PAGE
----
Latest Splash Chat live Q&A casts a long, dark shadow over offshore

Latest Splash Chat live Q&A casts a long, dark shadow over offshore

Offshore analysts, brokers, bankers, consultants and owners convened yesterday for the second ever live Q&A on Splash Chat, our new interactive forum. The discussion raised some shocking statistics and left many with the impression that there is still much more pain to come for the beleaguered offshore sector.

Conversation kicked off naturally enough with transparency in public offshore companies in Singapore and the “Swiber effect”. The oilfield services company has come in for criticism from the Singapore Exchange (SGX) for its failure to disclose its real financial situation. It sought judicial management nearly a month ago, causing shockwaves across most other offshore related Singapore stocks.

“Swiber was a train wreck in slow motion,” commented Venkatraman Sheshashayee, ceo of Miclyn Express Offshore.

“Unfortunately the SGX approach to transparency has glaring weaknesses,” said Andre Wheeler, an offshore consultant and opinion writer for Splash.

How Swiber will get out of its current financial mess took some of the discussion with Sheshashayee suggesting a scheme of arrangement is likely, much like Jaya’s in the past.

“The reality is the balance sheets of these companies cannot meet their debt / bond commitments. Working capital was used to grow bad businesses and with reduced revenues they don’t have the cash to survive let alone pay debt,” said Mike Meade, founder of offshore brokerage M3 Marine.

Quite right concurred Sheshashayee: “For too long, short term assets have been used to fund long term liabilities,” he said.

Meade felt there would be no buyers for Swiber, and so it will have to be asset stripped, and flog Vallianz (in which it is a 25% shareholder) as a going concern and watch for collateral damage with the banks.

No one participating in the discussion was willing to stick their neck out and suggest we are anywhere near the bottom of the offshore cycle. Sheshashayee noted how there are nowadays very few reliable data points for asset prices.

“I am wary of saying ‘we are near the bottom’, as each time I feel that, there is a new bottom!” he said. Nevertheless the offshore owner veteran felt the time could be “ripe” for a non-industry player with reasonably deep pockets and a reasonable risk appetite to come in and build a fleet “super cheap”.

Leading ship financier and Splash columnist Dagfinn Lunde told Splash Chat: “The winner will be the ones getting modern tonnage today and having enough cash to see it through another two to three years.”

Lunde forecast OSV mass scrapping in about a year when the banks will have had enough.

Meade was not so sure, pointing out that OSVs have no LDT so it is impossible to value a scrap sale.

Nevertheless, Sheshashayee was adamant that scrapping is a necessity for the long term health of the offshore business, but he did admit scrapping has very little economic upside for owners, hence is generally ignored oe postponed.

Andrew Craig-Bennett, Splash’s lead opinion writer, observed that PSVs tend to sit out a downturn better than AHTSs.

Wheeler agreed with this saying the AHTS market will split with real pain being felt in the smaller vessel market . Vessels with bollard pull of more than 100 tons and 8500hp will be attractive, particularly for the offshore wind farm sector and decommissioning.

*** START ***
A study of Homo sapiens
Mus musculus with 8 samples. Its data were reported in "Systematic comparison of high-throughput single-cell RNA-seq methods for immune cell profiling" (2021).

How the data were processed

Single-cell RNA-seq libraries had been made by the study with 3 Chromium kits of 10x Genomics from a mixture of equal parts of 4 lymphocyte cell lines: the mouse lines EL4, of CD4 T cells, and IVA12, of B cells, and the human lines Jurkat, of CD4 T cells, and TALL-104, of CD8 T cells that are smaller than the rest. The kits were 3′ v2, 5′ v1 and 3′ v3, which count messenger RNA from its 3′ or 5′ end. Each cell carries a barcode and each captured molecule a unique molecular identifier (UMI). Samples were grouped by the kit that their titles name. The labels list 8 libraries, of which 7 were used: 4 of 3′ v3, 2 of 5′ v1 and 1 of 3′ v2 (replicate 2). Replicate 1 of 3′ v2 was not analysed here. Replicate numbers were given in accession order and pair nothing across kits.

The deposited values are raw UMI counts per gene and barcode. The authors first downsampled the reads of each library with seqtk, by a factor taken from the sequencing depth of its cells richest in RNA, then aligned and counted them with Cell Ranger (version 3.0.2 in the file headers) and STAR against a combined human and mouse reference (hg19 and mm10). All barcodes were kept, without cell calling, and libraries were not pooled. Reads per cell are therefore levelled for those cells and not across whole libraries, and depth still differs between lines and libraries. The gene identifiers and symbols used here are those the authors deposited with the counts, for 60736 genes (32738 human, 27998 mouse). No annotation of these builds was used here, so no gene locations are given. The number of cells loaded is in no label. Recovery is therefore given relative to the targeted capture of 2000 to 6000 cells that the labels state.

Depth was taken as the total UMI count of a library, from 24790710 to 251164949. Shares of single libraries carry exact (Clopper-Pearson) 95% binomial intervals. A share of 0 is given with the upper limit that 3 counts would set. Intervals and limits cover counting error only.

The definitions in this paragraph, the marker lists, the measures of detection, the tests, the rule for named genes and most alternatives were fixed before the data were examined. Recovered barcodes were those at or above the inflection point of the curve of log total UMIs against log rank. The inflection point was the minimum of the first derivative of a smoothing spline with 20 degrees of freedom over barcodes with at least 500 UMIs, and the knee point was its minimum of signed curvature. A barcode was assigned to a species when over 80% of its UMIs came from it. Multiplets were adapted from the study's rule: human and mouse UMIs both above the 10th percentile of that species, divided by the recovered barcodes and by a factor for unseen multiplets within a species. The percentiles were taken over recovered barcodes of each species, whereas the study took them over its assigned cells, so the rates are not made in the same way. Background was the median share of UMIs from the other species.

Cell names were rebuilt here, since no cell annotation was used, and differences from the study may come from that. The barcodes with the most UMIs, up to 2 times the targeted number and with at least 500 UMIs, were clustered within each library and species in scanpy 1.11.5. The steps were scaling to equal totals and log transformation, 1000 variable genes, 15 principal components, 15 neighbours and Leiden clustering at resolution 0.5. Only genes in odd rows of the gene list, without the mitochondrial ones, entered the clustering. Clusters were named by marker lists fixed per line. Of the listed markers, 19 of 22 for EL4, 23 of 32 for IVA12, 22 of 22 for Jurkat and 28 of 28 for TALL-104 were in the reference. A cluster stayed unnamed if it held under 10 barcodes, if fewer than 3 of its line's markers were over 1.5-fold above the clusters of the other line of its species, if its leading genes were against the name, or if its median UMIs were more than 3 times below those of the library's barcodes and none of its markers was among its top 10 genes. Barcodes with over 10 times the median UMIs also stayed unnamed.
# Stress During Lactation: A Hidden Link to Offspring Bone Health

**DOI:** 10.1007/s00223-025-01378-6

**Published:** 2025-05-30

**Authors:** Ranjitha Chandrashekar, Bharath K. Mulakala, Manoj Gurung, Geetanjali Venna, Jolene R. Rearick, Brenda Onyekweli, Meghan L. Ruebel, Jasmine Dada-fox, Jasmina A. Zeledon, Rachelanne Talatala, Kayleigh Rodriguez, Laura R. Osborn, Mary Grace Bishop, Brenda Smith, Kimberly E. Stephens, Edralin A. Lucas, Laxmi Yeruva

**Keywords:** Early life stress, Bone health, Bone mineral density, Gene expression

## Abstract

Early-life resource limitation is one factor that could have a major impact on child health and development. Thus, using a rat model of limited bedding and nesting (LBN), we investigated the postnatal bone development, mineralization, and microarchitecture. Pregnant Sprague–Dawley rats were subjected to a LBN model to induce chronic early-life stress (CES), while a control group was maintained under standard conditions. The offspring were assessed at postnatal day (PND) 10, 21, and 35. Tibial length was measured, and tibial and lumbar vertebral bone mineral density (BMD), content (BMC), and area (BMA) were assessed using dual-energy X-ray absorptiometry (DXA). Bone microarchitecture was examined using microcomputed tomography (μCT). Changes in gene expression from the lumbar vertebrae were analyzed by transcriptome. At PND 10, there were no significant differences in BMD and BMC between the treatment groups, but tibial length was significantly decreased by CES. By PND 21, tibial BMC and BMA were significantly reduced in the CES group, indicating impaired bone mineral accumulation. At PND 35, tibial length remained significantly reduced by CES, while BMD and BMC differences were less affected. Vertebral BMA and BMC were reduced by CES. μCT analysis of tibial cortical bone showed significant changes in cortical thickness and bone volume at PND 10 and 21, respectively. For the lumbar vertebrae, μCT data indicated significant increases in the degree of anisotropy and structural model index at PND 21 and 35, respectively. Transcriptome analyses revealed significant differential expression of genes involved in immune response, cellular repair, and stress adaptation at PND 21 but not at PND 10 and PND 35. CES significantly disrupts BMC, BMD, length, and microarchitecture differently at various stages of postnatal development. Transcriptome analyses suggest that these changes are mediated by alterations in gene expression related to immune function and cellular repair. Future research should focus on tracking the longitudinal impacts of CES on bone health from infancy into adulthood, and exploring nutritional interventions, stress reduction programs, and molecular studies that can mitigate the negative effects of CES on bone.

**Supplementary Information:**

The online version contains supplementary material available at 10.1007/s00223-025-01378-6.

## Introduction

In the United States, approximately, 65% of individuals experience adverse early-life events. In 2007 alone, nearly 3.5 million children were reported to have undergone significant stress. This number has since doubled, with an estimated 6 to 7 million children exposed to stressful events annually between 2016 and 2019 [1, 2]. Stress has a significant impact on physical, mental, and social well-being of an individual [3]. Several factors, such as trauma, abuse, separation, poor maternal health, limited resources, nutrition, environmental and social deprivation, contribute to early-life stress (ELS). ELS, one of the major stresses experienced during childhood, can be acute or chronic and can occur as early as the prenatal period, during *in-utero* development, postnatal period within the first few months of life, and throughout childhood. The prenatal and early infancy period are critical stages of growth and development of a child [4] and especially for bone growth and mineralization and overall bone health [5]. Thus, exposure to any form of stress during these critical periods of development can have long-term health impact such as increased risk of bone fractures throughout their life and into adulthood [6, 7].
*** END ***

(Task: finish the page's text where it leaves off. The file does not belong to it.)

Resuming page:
In terms of eye-popping stats that showed the true dire state of the OSV markets, Splash Chatters were told that there are more than 300 vessels delivered and waiting in China alone. In total, there are now between 1,300 and 1,400 OSVs off-hire and idle, equating to more than 35% of the global fleet.

Given that, in general, breakeven utilisation is about 55-65%, this means that most owners are already running at or below breakeven.

“One more even slight push and there go the covenants and DSCRs, much like Humpty Dumpty,” quipped Sheshashayee.

“The problem is that there is no place to hide left,” commented Italian owner Giacomo Gavarone from Rimorchiatori Finarge.

“In this sort of market, the good owners will fight desperately for work in order to keep their assets out of lay up and to keep their people together. When that fails, they roll over and die,” said Craig-Bennett in the busy offshore chat.

Many felt the only way out was through dramatic consolidation in the sector. However, veteran banker Lunde cautioned: “Consolidation is good if you focus on new ships and scrap a lot of the old vessels, but consolidated bad balance sheets tend to be weak as well unless new money comes in and that is a long way away.”

“We will need banks to be understanding and give us tenors with wider latitudes and sweep-ins,” said Sheshashayee. He then joked: “This market is a great teacher. I am learning a lot about night sweats and insomnia.”

Concluding M3 Marine’s Meade had some advice: “Conserve cash, be evil with cost containment. Look after your people and now remember your friends are not in the client base nor the bank…god damn it’s lonely here!”

Sam Chambers

Starting out with the Informa Group in 2000 in Hong Kong, Sam Chambers became editor of Maritime Asia magazine as well as East Asia Editor for the world’s oldest newspaper, Lloyd’s List. In 2005 he pursued a freelance career and wrote for a variety of titles including taking on the role of Asia Editor at Seatrade magazine and China correspondent for Supply Chain Asia. His work has also appeared in The Economist, The New York Times, The Sunday Times and The International Herald Tribune.